People said uni would fly by and, sadly, they were right. Your final year is coming up and you’re starting to think about what your future might hold…
You want to make sure you’re as ready as possible for the big, (not so) bad world of work, but there are 101 things to think about – and actually do – before you proudly clutch that hard degree certificate. So, right now, getting a job feels a long way off.
But before you know it, it’ll be time. So, how can you prepare over the course of the year for your future career?
Keep adding to your CV
Every time you do anything even vaguely impressive and related to your field, put it on your CV. If it’s not relevant or important enough you can always take it out afterward but the key thing is getting everything down and making sure you remember all that you’ve achieved.
As you come into your final year at university you’re going to want to make sure that résumé is looking its best so don’t neglect it!
Need to actually fill out your CV? Consider the following three points…
Good for the CV and good for the soul; volunteering is a great way to pick up the skills needed in the workplace while showing you care for a cause. You’re likely to have a lot of fun doing it, too!
If you can manage to juggle uni and your social life with a part-time job, consider picking a few hours up at your university bar, a local coffee shop or the big supermarket in town.
Having a job will prove to employers you understand how to behave in the workplace: you’re dedicated, reliable, polite and driven. Plus, you’re bound to get a lot more from it than just those skills – you may even walk away with some wonderful friendships and a bit of extra cash to keep you afloat throughout the summer months before you start full-time work.
If you can get an internship in your field, no matter how short, this will almost definitely boost your chances of getting hired. While its possible with part-time work or even volunteering, you’re unlikely to be working in the direct sector you hope to work in after graduation. Internships, however, will allow you to work in the sector you want to work in.
You’ll meet people who have walked the path you’re about to head down and can give you good advice. You’ll also get a real flavour of what the career you’re hoping to pursue is really like, confirming your decision to apply for a certain sort of job.
This experience will prove invaluable, giving you loads to talk about in interviews and hopefully making you stand out as someone who really knows what they’re doing.
Make most of uni careers service
Most universities have a careers service ready to help you with CV-woes, the sometimes complicated job search and even mock interviews and application processes.
Right now, you have the whole of your final year stretched out in front of you, but those months will slip into weeks and eventually into precious days. You’ll be graduating before you know it, so you want to make use of the university careers service while you can.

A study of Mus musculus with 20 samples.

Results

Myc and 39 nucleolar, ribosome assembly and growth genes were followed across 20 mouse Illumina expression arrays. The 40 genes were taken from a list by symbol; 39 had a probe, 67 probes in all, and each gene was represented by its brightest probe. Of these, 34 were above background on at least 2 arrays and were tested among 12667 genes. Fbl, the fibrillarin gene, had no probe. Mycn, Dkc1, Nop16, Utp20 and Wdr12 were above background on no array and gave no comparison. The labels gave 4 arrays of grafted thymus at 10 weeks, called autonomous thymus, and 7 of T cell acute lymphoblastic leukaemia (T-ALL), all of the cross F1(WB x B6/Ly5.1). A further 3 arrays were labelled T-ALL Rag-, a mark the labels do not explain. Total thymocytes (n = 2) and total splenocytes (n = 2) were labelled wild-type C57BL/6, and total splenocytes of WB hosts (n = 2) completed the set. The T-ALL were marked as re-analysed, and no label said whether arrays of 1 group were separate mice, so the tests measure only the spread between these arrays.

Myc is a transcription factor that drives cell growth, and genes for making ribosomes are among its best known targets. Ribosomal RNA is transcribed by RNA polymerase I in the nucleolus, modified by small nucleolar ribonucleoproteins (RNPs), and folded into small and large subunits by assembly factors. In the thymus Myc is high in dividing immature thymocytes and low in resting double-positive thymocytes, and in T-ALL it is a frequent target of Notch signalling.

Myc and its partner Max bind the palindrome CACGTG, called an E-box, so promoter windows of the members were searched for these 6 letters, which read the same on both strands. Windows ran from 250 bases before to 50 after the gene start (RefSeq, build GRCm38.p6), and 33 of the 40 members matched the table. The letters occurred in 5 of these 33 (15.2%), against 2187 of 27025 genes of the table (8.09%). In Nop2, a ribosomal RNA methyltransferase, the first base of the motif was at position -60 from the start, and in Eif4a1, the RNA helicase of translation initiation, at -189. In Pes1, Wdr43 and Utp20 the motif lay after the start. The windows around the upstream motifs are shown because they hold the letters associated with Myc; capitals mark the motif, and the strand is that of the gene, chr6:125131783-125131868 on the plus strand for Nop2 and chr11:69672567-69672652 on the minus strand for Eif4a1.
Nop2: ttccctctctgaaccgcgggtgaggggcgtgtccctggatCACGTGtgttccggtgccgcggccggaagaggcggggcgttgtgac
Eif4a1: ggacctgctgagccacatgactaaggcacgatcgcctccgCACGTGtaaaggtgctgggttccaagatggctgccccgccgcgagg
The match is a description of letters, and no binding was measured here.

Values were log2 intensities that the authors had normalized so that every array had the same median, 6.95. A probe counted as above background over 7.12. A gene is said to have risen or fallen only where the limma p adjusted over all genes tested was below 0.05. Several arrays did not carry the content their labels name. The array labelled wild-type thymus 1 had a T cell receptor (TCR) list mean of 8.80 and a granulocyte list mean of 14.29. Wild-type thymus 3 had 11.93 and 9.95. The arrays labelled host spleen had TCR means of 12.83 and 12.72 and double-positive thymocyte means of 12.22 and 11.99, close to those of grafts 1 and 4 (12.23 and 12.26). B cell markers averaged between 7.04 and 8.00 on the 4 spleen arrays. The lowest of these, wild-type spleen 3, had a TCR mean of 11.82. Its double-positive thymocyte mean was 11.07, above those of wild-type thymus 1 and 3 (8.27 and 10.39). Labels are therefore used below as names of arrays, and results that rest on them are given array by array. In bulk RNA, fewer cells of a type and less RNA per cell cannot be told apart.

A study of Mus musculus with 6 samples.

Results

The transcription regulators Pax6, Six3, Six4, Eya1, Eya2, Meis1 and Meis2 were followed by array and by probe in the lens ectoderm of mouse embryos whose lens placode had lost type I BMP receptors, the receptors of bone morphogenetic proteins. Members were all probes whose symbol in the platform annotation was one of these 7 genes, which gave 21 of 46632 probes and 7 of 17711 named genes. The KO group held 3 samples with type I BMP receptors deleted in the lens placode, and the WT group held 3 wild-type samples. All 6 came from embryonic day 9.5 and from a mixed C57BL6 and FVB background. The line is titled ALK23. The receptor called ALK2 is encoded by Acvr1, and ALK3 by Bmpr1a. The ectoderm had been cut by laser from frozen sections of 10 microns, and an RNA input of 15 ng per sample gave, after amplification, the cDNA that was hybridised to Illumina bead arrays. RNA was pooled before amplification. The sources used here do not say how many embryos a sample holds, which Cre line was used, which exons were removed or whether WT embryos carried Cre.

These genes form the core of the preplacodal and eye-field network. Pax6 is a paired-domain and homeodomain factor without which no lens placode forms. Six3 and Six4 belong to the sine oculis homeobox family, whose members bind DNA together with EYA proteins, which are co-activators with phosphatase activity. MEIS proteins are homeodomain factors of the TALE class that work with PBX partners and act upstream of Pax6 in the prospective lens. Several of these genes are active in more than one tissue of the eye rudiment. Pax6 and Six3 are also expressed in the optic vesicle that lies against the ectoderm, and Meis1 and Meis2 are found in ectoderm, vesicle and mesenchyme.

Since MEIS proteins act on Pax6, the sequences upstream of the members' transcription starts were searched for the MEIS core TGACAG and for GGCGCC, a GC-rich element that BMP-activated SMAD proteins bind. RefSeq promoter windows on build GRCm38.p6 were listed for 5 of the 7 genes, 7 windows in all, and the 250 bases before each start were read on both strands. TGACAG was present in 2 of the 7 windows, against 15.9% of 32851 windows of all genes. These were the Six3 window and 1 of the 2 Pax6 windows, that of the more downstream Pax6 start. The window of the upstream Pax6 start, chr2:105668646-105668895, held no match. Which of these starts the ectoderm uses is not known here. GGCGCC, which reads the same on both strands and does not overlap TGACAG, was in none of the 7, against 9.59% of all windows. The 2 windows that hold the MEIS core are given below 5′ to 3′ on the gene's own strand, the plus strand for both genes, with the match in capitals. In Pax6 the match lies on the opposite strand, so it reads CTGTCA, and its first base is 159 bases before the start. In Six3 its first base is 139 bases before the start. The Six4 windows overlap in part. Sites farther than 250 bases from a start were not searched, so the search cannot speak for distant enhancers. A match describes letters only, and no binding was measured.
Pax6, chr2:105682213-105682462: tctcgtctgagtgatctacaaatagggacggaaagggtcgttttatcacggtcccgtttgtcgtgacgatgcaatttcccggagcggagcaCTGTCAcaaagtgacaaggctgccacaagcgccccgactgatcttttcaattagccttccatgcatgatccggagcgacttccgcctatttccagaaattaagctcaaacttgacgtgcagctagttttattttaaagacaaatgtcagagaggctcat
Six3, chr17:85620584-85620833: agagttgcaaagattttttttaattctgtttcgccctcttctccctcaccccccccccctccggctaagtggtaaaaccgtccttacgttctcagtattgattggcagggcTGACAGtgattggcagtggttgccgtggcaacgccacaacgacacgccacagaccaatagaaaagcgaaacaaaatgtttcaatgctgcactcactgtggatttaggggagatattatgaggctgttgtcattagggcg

Some universities still provide careers guidance once students have finished their studies but there’s no better time to do it than while you’re right there. See if you can book a session with someone at the centre and pop in for an hour or so one afternoon. It’s likely to be very rewarding.
See if your university has any events where you can meet potential employers. In many industries, knowing someone working in the sector is hugely beneficial to helping you get your foot in the door.
Turn up at any networking event relevant to your field, put on a warm smile and talk to people. It might sound scary but you will be so glad you did it should someone remember your name and recommend you for a position – it can and does happen!
Even if it’s too early to start applying for jobs, it’s the perfect time to start getting your name ‘out there’.
Research companies you may be interested in working for and start approaching them. Follow key people on Twitter; send emails with a prospective CV attached introducing yourself and explaining they are welcome to keep your résumé on file; be friendly; and be keen – you never know what might happen as a result!
Work on your LinkedIn
Not only can LinkedIn be great for employers to hunt you down, it can also be great for your job search, too. Get a professional looking photograph, pop in a persuasive bio and fill out your skills, qualifications, and experience.
Connect with people in your field and those you go to university with, share articles related to your field and be sure to update it as often as you do your CV. You never know who might stumble across it.
Smarten up your social media
In the same vein as LinkedIn, you’ll want to make sure your other social media accounts are looking as professional as possible. No employer wants to check out an applicant’s social media account to find anything potentially damaging to their company.
Sort your privacy settings if you don’t want employers snooping around your accounts because they are likely to check. Make sure your display photograph is friendly and not too risqué (no alcohol, nudity, rude gestures, etc.).
Twitter can be great for potential employers to get a good idea of who you are as a person so try getting involved in discussions on industry trends related to your field. This will show employers you are genuinely interested in the sector and keeping up to date with what’s going on in the field.
Kit out your wardrobe
If you look like a professional, you’ll start to feel more like a professional. Ditch the scruffy jeans and worn T-shirt and buy yourself some work clothes which feel like ‘you’ but also make you feel smart as heck.
You don’t have to go crazy and spend your entire bank balance on 1,000 dollar suits but pick up a few staple pieces that make you feel fancy.
Then you’ll be ready for all the (many, many) job interviews which will no doubt come your way soon!